90srevisited_thumb[2]

xfactor109The Waking

Plot: John Francis Moore
Script: Todd Dezago
Pencils: Jan Duursema
Inks: Al Milgrom
Lettering: Starkings/Comicraft
Colors: Glynis Oliver
Editor: Kelly Corvese
Group Editor: Bob Harras
Published by: Marvel Comics
Cover Date: December 1994
Cover Price: $1.95

While this issue’s cover proclaims itself the start of Legion Quest, it’s still more of a prologue/lead-in than an official chapter…at least in my reading of it. The issue seems to be happening pretty much alongside Uncanny X-Men #319, though its labeling marks an official starting point from back in an age where stories were not “written for the trade” and neatly grouped in 4, 5, or 6 issue arcs with the eye on the collected volume.

The issue opens with Mystique in a hospital room being confronted by a couple members of X-Factor, where David Haller (Legion) has just awoken from a lengthy coma (I believe he’d been in the coma since the final pre-“adjectiveless” X-Men #1 launch). She’s there to kill him for (apparently) having killed Destiny, and X-Factor is there to stop her from murdering the boy. Finding herself outmatched, she makes to escape, vowing to return; and X-Factor pursues. The situation doesn’t go well, and eventually we’re left with Legion leaving the hospital and passing a message from Destiny (or *a* Destiny in his head) to Mystique. Legion then zaps X-Factor away, and leaves, talking about making things better.

The art’s a bit iffy for me–not bad, but there were parts (especially panels of Legion himself) that just look weird and exaggerated to me. Overall, no huge issue with the art, but it did distract me at a couple points, taking me out of the story.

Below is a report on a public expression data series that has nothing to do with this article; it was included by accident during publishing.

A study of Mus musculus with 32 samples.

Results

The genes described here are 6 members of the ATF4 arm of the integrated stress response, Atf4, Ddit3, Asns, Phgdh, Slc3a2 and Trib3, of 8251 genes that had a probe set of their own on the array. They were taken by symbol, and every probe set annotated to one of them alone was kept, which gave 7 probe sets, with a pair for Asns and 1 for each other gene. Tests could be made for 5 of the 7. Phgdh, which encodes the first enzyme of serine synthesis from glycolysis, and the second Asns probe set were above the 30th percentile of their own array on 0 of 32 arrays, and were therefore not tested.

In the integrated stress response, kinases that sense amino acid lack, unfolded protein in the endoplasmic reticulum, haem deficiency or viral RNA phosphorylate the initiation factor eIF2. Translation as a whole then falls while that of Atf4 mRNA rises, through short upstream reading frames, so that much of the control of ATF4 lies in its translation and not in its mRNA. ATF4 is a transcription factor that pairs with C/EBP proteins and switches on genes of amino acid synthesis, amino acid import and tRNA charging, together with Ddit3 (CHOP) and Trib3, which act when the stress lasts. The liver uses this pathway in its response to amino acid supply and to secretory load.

The story itself isn’t entirely helpful–to me, it’s a “slice of life” sort of thing, with no “previously” page and not a LOT of context on stuff. At the same time…it’s not really needed…especially not for MY purposes here of reading the issue. This read-through is specifically for the issue being part of the Legion Quest stuff, and not for any specific story otherwise going on in the pages of X-Factor. But there’s plenty to give some context–Legion having killed Destiny, she and Mystique had History together, Forge was there when Destiny was killed, he and Mystique have some recent history, etc.

I really like that there’s some dialogue from Legion that I believe lines up with dialogue in Uncanny X-Men #319…this is the height of what I love about continuity in comics. In that issue, we see Xavier’s side as he dreams he’s interacting with Legion, and here we see Legion’s side, through the eyes of those around him at the time. This does not seem like anything that would truly fly in contemporary comics, from separate series not necessarily intended for collection in the same volume.

I also like that there’s lead-in to a story and it’s not just some sudden last-page reveal or epilogue sequence to something: we have at LEAST UXM 319 and this issue showing characters going about their business, the story unfolding in general but we get to key in on the specific “event” of Legion’s awakening and talking about changing the world for the better…which the main Legion Quest story itself is focused on as he actually executes his intentions.

The cover is a BIT misleading, showing a gleeful Legion standing over the unconscious (?) bodies of Mystique and X-Factor. But it fits the issue as we DO have Legion vs. Mystique and Legion vs. X-Factor, and Legion emerges victorious in both conflicts. Combined with the proclamation of Legion Quest beginning here, it’s a rather key image suggesting (among other things) that Legion’s taken out X-Factor before the X-Men even become involved…upping the threat-factor for the start of the main story itself.

Despite that, this issue is hardly essential to the core of that story, as I remember (not yet having read/re-read it recently). But this gives some good context, and alongside UXM 319 pads thing out pleasantly prior to jumping into the heart of the main story itself.

While not quite as enjoyable as last week’s UXM issue, I liked revisiting the X-Factor of this era, and getting a renewed sense of where things were at the time. Of course, even moreso I’m all the more eager to get into Legion Quest itself, and one of my all-time favorite single issues of a comic, as well as my all-time favorite X-Men story!